Oil major Chevron has entered into a definitive agreement to purchase all of Noble Energy’s outstanding shares at a valuation of $5bn. Some have speculated that this could be part of an oncoming wave of post-Covid M&As as majors look to snap up the assets of those unable to weather the pandemic. We investigate.
Also, in light of Subsea UK’s chief executive warning that subsea firms could turn their back on oil and gas work, we find out what the future looks like for the sector. And we talk to Legasea, the UK’s subsea company of the year, about their efforts to improve the industry’s sustainability.
Elsewhere, we learn about BP’s acquisition of geospatial analytics company Satelytics. We also ask what the offshore industry is doing about methane emissions.
Finally, we examine recent setbacks to US pipelines and what they mean for the country, hear from Ocean Infinity about their new Armada initiative and autonomy at scale, and talk to the developer of a new offshore marine facility in Singapore.
In this issue
Spectral signatures: could Satelytics’ methane monitoring tech deliver net-zero for BP?
BP has announced a $5m investment into Satelytics, which uses machine learning and spectral imaging to predict and counteract dangerous methane emissions. JP Casey speaks to BP about the project, and the operational and environmental potential of the technology.
Ocean Infinity: launching the autonomous Armada fleet
Next year Ocean Infinity plans to launch Armada, 15 low-carbon remotely operated surface vessels for inspection, data collection, and, in a first, unmanned offshore logistics, along with a new recruitment drive. Heidi Vella finds out more from Dan Hook, Armada’s managing director.
In the air – how the oil and gas industry is taking on methane
You’d be forgiven for believing CO2 is the biggest threat to global climate security, but there are other greenhouse gasses that pose a similar, if not more present threat. Andrew Tunnicliffe investigates the industry’s role in cutting methane emissions in the wake of recent critical studies.
Creating a circular economy for subsea equipment with Legasea
Aberdeenshire start-up Legasea recently scooped the Subsea Company of the Year accolade in the UK Enterprise Awards. Legasea takes liability and ownership for decommissioned subsea equipment, making it safe and clean, as well as disassembling it to its component parts, which are then sold back as spares. Alexander Love spoke to Legasea managing director Lewis Sim to find out more.
Drawing the line: could the subsea industry turn away from oil and gas?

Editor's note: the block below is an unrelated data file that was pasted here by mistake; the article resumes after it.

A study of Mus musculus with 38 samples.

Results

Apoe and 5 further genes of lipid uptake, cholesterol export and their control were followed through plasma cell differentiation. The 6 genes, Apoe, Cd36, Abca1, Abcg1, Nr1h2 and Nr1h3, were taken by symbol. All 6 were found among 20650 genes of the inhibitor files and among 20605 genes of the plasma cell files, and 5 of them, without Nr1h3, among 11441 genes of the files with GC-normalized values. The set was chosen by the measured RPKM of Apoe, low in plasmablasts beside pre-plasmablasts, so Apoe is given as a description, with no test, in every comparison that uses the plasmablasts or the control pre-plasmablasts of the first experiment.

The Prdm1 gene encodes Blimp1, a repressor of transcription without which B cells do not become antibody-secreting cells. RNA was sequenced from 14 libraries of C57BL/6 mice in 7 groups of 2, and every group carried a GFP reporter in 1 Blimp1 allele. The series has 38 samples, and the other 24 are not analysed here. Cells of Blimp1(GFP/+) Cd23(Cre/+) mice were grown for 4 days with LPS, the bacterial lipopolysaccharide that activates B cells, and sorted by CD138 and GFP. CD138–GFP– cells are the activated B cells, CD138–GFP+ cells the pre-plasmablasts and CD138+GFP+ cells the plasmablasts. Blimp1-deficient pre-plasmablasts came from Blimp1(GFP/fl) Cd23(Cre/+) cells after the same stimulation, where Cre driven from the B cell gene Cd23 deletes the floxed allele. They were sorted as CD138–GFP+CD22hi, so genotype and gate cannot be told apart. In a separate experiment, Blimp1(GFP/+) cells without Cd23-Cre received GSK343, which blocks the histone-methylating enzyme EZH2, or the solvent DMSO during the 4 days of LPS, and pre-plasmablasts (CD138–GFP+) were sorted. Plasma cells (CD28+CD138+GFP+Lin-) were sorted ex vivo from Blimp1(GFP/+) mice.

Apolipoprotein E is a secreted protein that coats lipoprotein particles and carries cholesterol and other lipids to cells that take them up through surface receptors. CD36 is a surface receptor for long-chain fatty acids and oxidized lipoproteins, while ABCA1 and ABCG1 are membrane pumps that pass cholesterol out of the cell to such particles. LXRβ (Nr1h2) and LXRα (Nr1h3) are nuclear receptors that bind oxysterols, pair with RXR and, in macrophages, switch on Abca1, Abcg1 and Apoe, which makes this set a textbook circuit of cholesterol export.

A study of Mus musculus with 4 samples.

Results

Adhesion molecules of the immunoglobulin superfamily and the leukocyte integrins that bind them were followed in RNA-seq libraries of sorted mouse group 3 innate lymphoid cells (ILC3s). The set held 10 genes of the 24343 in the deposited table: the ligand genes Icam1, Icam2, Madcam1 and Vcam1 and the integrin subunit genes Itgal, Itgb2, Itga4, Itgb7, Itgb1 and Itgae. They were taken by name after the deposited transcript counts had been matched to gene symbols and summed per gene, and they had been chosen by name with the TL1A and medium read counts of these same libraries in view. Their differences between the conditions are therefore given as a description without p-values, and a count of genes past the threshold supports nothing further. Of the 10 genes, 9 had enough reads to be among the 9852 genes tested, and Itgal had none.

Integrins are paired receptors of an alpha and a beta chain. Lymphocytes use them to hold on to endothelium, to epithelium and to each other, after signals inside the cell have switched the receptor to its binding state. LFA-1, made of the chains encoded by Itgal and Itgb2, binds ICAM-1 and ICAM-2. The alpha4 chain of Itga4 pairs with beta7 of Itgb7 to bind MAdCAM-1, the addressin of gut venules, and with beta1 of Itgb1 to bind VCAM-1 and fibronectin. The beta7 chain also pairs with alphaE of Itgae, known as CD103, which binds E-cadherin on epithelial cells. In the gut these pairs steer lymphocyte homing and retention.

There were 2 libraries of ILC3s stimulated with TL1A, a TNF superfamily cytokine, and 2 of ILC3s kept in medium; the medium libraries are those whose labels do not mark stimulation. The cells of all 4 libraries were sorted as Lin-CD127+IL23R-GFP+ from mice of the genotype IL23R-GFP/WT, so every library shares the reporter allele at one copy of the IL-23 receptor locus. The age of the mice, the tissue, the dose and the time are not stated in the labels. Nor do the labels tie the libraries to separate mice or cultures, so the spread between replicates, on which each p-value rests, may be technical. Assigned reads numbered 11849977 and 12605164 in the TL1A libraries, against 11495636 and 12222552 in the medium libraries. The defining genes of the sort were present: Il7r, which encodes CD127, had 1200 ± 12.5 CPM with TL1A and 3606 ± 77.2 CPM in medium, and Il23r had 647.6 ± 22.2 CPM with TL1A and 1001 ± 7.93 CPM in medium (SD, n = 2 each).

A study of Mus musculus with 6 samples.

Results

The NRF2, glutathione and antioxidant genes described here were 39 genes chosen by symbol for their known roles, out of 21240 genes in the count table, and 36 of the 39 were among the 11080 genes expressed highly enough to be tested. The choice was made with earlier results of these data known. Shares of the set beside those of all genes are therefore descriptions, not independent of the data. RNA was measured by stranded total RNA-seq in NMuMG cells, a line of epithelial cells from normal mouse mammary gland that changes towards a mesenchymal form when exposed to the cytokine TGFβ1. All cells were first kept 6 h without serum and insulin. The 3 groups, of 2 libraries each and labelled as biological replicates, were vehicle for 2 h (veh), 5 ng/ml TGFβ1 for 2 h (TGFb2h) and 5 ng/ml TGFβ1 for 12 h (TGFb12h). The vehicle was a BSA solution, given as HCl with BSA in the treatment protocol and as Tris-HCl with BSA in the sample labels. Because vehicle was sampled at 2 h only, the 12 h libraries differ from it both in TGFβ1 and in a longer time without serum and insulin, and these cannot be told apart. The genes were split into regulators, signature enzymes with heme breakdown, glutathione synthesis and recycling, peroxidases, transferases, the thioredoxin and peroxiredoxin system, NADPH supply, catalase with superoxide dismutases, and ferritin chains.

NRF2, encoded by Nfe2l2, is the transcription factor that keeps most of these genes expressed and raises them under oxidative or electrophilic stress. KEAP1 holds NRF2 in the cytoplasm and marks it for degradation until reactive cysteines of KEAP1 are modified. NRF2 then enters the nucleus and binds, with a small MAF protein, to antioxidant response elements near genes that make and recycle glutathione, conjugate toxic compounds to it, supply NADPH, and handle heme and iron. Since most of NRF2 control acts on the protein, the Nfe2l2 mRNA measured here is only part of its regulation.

External and internal pressures on the oil and gas industry have soured relations with the subsea sector, those responsible for providing critical hardware for oil and gas operations. With new opportunities for subsea companies outside of their traditional investments, JP Casey considers the future of the relationship between the oil and gas and subsea sectors.
The twists and turns of North America’s oil & gas pipelines
The US and Canadian Governments have been desperate to build new pipelines to ferry oil and gas from offshore developments for decades and at every twist and turn they have been met by legal challenges and protests thwarting their plans. Yoana Cholteeva maps out the development of some key oil and gas pipelines on the continent.
Will Covid-19 lead to a wave of upstream oil and gas mergers and acquisitions?
Covid-19 has inspired a worldwide downturn, and previous downturns have led to big opportunities for buyouts and selloffs between oil and gas companies. This downturn looks very different, so, Matt Farmer asks, will mergers and acquisitions stay the same for upstream companies?
Planning a new offshore hub for Singapore
Aurecon has been brought on board to conduct a feasibility study and conceptual design work for JTC Corporation’s new marine support facility, Offshore Marine Centre 2, along Singapore’s western Tuas coast. Scarlett Evans spoke to Lili Tao, managing director infrastructure at Aurecon, about the new facility.
Preview – Offshore Technology Focus December 2020
The Norwegian Government has proposed launching a $2.7bn carbon capture and storage project that, among other things, will involve funding for Equinor, Total, and Shell’s Northern Lights transport and storage project. We learn more about the proposal.
Also, as Shell looks to cut 40% from the cost of producing oil and gas, we find out what it takes, financially and operationally, to transition towards renewables. And we talk to Acoustic Data about their partnership with multinational oilfield services and their sonic gauge technology
Elsewhere, we profile Nigeria, with a focus on the bidding for the country’s marginal fields. We also examine possible changes to oil and gas licensing in the UK.
Finally, we investigate IBM’s partnership to accelerate digital innovation and open data standards across the energy sector, discover how Maersk plans to cut drilling operation emissions in half by 2030, and speak to Borehole Solutions about the benefits of rotary drilling.